Immigration Fraud Scheme Involving Fake Marriages Busted in US; Here's how it was Orchestrated

Immigration Fraud Scheme Involving Fake Marriages Busted in US; Here's how it was Orchestrated
Engilbert Ulan's Key Role in Operating a Marriage Fraud Scheme. Pexels | By Sabel Blanco

Immigration offers an option for people to look for more opportunities abroad and make a better life in another land, but it can also land them in the centre of a scam. The latest to take advantage of this desire to emigrate to the US is a 42-year-old Philippine national residing in Los Angeles, who has been convicted by a federal jury in Boston for orchestrating a large-scale marriage fraud scheme. This scheme, run by an "agency" operated by Marcialito "Mars" Benitez, involved arranging over 300 sham marriages aimed at circumventing immigration laws.

Marriage Fraud Pexels | By Sora Shimazaki
Marriage Fraud Pexels | By Sora Shimazaki


The Federal Bureau of Investigation (FBI), led by Special Agent in Charge Jodi Cohen, considers Ulan's conviction a warning to others attempting to circumvent immigration laws. This collaborative approach underscores the government's commitment to maintaining the sanctity of the immigration process and safeguarding the nation's values.

Homeland security Pexels | By Pixabay

 

 


Ulan's involvement in the marriage fraud scheme extended beyond mere orchestration. Evidence presented at trial revealed a detailed modus operandi, including staged sham wedding ceremonies and the fabrication of supporting documents. The agency, with Ulan as a key player, paired foreign national "clients" with US citizens and staged fake wedding ceremonies at various locations. These ceremonies were performed by hired online officiants, and photos of undocumented clients and citizen spouses were taken in front of prop wedding decorations for later submission with immigration applications.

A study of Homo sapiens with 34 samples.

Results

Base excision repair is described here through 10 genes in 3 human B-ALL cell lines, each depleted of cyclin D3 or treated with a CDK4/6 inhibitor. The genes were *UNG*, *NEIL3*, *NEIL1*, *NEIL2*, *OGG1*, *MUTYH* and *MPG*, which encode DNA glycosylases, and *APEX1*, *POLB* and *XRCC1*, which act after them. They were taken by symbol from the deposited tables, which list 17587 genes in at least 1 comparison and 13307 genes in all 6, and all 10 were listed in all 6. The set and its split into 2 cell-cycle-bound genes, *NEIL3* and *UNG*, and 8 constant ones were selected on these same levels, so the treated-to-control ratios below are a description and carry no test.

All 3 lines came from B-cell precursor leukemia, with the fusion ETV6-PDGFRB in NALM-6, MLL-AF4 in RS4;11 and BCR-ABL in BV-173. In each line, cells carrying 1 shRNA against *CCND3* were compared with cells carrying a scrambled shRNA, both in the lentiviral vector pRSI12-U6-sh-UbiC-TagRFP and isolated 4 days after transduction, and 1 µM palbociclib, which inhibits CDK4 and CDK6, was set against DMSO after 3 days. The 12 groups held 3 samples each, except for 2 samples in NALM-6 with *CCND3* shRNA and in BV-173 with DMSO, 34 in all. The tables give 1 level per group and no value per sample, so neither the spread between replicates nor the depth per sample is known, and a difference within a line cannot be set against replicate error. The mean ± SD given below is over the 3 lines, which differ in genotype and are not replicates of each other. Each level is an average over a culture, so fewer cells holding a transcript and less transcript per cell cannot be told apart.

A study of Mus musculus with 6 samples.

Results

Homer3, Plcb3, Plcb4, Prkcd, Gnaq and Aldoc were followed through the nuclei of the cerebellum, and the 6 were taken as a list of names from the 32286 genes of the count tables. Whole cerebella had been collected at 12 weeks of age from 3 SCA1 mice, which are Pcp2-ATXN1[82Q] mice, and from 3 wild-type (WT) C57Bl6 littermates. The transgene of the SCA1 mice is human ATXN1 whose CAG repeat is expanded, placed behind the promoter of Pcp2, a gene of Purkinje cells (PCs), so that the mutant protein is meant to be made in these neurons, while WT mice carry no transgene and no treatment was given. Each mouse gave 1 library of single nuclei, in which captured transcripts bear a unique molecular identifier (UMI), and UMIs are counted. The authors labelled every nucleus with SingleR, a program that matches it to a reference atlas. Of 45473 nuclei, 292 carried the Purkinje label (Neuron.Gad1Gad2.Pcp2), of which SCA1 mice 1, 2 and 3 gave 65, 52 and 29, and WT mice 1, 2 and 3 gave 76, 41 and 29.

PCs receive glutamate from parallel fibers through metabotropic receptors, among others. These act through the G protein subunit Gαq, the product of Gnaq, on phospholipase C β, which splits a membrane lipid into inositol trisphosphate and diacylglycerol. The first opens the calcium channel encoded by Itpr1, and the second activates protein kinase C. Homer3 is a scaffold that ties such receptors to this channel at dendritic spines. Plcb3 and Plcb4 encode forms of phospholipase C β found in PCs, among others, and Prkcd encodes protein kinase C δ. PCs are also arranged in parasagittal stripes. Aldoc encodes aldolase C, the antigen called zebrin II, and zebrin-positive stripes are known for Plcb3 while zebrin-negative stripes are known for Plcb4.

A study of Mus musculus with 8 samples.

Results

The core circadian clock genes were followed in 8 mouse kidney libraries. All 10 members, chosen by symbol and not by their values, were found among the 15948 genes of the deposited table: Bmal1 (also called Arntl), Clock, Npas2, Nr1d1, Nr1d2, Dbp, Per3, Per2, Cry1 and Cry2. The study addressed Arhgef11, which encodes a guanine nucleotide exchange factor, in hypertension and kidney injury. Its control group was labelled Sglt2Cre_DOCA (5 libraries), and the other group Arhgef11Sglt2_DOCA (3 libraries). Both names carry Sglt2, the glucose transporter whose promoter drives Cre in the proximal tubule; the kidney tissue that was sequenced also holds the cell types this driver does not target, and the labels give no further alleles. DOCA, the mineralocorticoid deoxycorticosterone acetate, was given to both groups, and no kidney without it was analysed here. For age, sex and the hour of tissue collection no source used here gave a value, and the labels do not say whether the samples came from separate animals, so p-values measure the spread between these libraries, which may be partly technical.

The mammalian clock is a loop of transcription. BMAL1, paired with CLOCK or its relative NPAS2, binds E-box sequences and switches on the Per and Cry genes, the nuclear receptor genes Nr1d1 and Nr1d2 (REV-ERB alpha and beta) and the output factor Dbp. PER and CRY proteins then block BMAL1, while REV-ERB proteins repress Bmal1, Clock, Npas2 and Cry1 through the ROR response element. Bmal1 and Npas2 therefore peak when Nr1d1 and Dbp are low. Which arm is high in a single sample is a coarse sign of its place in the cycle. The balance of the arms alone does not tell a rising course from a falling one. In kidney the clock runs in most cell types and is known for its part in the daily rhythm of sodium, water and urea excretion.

Ulan conducted practice interviews with the agency's clients and their fake spouses, preparing them to pass required interviews with immigration authorities. His coaching involved instructing sham couples to provide consistent, fabricated answers during green card interviews, concealing the fraudulent nature of the marriages.

Ulan also prepared fraudulent marriage and immigration documents, including fabricating supporting documents submitted as "evidence" of the marriage's legitimacy. He rented out his apartment address to clients residing outside of Los Angeles, allowing them to list his address on green card applications and related documents, creating a false appearance that they were living with their sham spouses in the Los Angeles area. Ulan received cash commissions for referring new clients to the agency.

FBI Pexels | By EKATERINA BOLOVTSOVA
FBI Pexels | By Ekaterina Bolovtsova

 

Ulan's conviction serves as a critical milestone in the fight against marriage fraud and the exploitation of the U.S. immigration system. The collaboration between law enforcement agencies, including the FBI and Homeland Security, highlights the government's ability to preserve the integrity of the immigration process.